People with private health insurance must have sufficient literacy skills to understand when, where, and how to access health services and avoid costly errors caused by using plan benefits incorrectly. Without adequate health insurance literacy (HIL), people can experience administrative hassles, delays in care, denials of coverage, and receive unexpected medical bills. Presently there is no information about the HIL of Connecticut citizens enrolled in private health insurance plans.
2019 HIL Pilot Report
In response to the findings from the 2016 report, HDI, in collaboration with members of the Equal Coverage to Care Coalition (EC2C), developed and tested an educational program in English and Spanish aimed at improving understanding insurance terminology and concepts among people of color.
The program was implemented by five EC2C organizations* working in different communities throughout Connecticut. A total of 477 residents, 94% identifying themselves as a racial or ethnic minority participated in the pilot.
The current HIL program partially met consumer education needs but navigation support needs further development. The program contents, delivery and frequency of the Equal Coverage to Care Coalition HIL program needs to be expanded to address Medicaid and Medicare issues.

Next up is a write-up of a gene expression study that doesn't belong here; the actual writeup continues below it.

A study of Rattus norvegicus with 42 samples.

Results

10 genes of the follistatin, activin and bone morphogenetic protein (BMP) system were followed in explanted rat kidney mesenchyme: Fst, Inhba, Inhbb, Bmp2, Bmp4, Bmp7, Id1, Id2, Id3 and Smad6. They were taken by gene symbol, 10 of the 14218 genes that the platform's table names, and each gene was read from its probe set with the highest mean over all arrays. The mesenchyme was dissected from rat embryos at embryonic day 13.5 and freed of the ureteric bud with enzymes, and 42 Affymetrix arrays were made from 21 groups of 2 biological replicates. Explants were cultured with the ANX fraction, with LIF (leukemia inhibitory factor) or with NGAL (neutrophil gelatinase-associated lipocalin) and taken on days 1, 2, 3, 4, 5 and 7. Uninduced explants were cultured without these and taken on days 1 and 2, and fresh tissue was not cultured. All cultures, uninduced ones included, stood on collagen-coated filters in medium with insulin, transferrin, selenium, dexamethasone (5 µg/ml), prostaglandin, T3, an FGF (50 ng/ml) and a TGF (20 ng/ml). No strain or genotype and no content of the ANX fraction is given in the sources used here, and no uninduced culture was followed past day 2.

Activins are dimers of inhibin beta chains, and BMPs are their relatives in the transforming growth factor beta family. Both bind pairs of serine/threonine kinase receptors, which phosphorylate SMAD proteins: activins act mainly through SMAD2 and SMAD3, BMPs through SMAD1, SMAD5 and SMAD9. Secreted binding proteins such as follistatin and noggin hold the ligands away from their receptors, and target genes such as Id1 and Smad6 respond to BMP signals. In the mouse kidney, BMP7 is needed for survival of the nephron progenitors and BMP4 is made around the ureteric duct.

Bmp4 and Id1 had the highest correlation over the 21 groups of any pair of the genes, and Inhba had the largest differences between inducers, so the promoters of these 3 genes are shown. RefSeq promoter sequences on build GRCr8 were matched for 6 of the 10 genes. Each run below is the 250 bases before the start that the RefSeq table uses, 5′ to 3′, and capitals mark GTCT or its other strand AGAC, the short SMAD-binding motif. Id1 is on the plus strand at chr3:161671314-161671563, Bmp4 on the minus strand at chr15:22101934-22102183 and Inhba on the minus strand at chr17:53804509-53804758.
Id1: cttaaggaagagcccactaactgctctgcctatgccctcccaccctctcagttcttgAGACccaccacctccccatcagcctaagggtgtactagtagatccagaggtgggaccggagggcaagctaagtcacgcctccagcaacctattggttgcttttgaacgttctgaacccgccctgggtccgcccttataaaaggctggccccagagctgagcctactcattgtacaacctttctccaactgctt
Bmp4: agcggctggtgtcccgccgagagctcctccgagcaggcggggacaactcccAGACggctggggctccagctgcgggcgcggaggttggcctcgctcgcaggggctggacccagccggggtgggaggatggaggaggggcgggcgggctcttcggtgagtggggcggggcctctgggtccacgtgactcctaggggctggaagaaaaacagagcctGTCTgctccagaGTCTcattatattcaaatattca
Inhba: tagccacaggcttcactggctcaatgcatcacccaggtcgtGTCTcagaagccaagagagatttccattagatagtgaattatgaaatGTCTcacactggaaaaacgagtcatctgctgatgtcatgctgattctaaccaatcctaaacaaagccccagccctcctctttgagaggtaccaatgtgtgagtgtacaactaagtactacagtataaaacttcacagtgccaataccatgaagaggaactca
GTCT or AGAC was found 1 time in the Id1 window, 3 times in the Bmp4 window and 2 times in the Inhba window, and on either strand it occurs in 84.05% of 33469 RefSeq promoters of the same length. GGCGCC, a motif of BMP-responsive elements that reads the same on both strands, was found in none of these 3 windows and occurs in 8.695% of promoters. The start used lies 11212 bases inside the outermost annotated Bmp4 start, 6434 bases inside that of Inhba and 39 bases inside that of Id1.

2016 HIL Survey Report
This report presents results from a 2016 survey measuring the HIL of 516 adult Connecticut residents enrolled in a qualified health plan (QHP) through Access Health CT.
The survey shows that some QHP enrollees struggle to understand basic health insurance terminology and how to use their benefits correctly. People with lower educational levels have lower HIL skills; however, when we compared the HIL in people with the same educational level, we found significant differences by race, ethnicity and language preference with Black and Hispanic enrollees having more difficulty than Whites. As more people enroll in private health insurance, widely disparate HIL should be viewed as a previously underappreciated but remediable source of healthcare disparity.
Developing solutions will require a coordinated state-wide strategy that should include insurance carriers, Access Health Connecticut, academia, providers, the state and community organizations. In the short run, HIL education and outreach programs must be deployed and tested to assess their effectiveness. Resources should focus first on decreasing the current racial/ethnic gap. Complementary strategies should include more and better in-person consumer support through trained “insurance coaches”. In the long run access to simpler, more consumer-friendly health insurance plans could have the greatest impact in promoting health equity and enhancing the value of health insurance for all Connecticut citizens.